The rate of knowledge acquisition on basic human rights and freedoms has doubled in the past seven years, according to the 2018 Justice and Democratic Accountability Survey.
This is because, in the 2011 Justice Baseline Survey, only 45.8 percent of the population professed knowledge in human rights issues.
“About 90.7 percent of all respondents are aware of their basic human rights and freedoms. Urban residents are more knowledgeable about human rights than rural residents (96.0 versus 90.1 percent), respectively,’’ the study findings read.
The study, which the Ministry of Justice and Constitutional Affairs conducted with funds from the European Union (EU) through the Chilungamo Programme, also sheds light on knowledge levels at regional level.
For example, it indicates that awareness levels are highest in the Northern Region at 97.8 percent, followed by the Southern, Central administrative regions at 93.6 percent and 90.4 percent, respectively.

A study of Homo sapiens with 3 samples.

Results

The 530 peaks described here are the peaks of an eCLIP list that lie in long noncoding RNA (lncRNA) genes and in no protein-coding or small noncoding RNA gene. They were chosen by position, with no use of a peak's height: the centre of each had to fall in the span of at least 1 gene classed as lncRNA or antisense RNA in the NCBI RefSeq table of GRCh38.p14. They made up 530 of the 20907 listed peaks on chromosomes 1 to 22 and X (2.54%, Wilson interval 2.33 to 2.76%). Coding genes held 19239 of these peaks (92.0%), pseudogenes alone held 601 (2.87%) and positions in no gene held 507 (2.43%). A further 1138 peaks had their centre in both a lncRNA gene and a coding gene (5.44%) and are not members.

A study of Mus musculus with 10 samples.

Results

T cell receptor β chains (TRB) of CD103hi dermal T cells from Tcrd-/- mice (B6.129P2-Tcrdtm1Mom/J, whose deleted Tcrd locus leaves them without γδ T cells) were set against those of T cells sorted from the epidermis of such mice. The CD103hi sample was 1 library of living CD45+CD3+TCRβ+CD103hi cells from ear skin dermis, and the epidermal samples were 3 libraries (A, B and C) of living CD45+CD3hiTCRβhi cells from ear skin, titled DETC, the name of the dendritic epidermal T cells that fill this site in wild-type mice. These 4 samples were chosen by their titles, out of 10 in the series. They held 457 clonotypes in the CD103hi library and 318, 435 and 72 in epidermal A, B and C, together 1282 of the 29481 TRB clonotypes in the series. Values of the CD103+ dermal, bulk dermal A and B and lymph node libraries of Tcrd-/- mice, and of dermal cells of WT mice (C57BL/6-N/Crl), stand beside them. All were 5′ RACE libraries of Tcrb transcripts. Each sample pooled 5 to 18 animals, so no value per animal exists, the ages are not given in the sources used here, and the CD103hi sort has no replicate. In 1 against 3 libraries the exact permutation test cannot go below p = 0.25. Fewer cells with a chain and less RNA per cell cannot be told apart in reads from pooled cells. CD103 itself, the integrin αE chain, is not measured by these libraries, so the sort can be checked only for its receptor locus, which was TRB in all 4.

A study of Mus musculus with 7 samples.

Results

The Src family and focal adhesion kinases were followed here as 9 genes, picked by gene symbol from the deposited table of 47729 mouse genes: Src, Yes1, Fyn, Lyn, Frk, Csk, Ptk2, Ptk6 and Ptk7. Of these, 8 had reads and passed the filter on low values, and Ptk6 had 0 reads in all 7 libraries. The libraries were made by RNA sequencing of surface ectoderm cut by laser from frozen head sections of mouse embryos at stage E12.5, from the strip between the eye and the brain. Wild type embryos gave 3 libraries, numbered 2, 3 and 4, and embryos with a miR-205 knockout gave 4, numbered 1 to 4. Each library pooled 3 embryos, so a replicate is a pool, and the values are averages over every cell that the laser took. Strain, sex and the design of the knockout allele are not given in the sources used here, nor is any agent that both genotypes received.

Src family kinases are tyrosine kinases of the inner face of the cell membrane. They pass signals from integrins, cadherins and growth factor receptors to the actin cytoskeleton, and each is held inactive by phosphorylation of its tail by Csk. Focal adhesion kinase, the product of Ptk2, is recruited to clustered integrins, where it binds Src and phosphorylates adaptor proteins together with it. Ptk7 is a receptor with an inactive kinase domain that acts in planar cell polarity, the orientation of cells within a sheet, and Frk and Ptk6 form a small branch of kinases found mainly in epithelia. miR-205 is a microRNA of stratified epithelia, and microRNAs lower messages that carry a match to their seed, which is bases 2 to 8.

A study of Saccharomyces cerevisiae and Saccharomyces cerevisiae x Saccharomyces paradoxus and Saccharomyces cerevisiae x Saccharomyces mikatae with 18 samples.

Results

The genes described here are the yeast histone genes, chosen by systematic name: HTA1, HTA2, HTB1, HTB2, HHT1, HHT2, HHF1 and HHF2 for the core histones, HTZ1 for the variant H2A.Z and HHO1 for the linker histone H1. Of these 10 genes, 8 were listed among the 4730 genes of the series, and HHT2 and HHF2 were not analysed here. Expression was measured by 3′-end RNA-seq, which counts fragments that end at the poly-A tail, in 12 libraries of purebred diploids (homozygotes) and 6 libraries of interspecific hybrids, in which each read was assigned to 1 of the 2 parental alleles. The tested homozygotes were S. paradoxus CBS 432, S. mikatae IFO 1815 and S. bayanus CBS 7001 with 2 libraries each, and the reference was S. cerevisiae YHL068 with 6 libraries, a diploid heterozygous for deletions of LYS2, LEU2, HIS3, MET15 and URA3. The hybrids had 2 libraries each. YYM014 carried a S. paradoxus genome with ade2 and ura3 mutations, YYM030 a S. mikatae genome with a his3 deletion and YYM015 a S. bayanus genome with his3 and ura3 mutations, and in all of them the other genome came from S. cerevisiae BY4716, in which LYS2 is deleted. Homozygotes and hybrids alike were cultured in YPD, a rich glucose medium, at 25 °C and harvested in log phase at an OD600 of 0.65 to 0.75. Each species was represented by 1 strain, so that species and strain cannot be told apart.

At political region level, knowledge levels in the eastern part of the country stand at 81.7 percent.
Justice and Constitutional Affairs Minister Bright Msaka, speaking at the unveiling of the findings in Lilongwe, said increased knowledge levels would lead to reduced cases of human rights violations.
“The report shows that we have scored significantly well in key democracy indicator areas of human rights, rule of law and accountability.
“It is, therefore, not surprising that, by independent international assessment, Malawi has been ranked shoulder-to-shoulder with the safest and best democracies on our continent,’’ Msaka said.
Chilungamo Programme Team Leader, Sophie Racine, said one of the findings is that commonly reported issues to the formal justice system include marital disputes followed by property theft and land disputes.
“One of the findings of the study is that there are some institutions that are doing less well; so, there is need to strategise on this,’’ she said.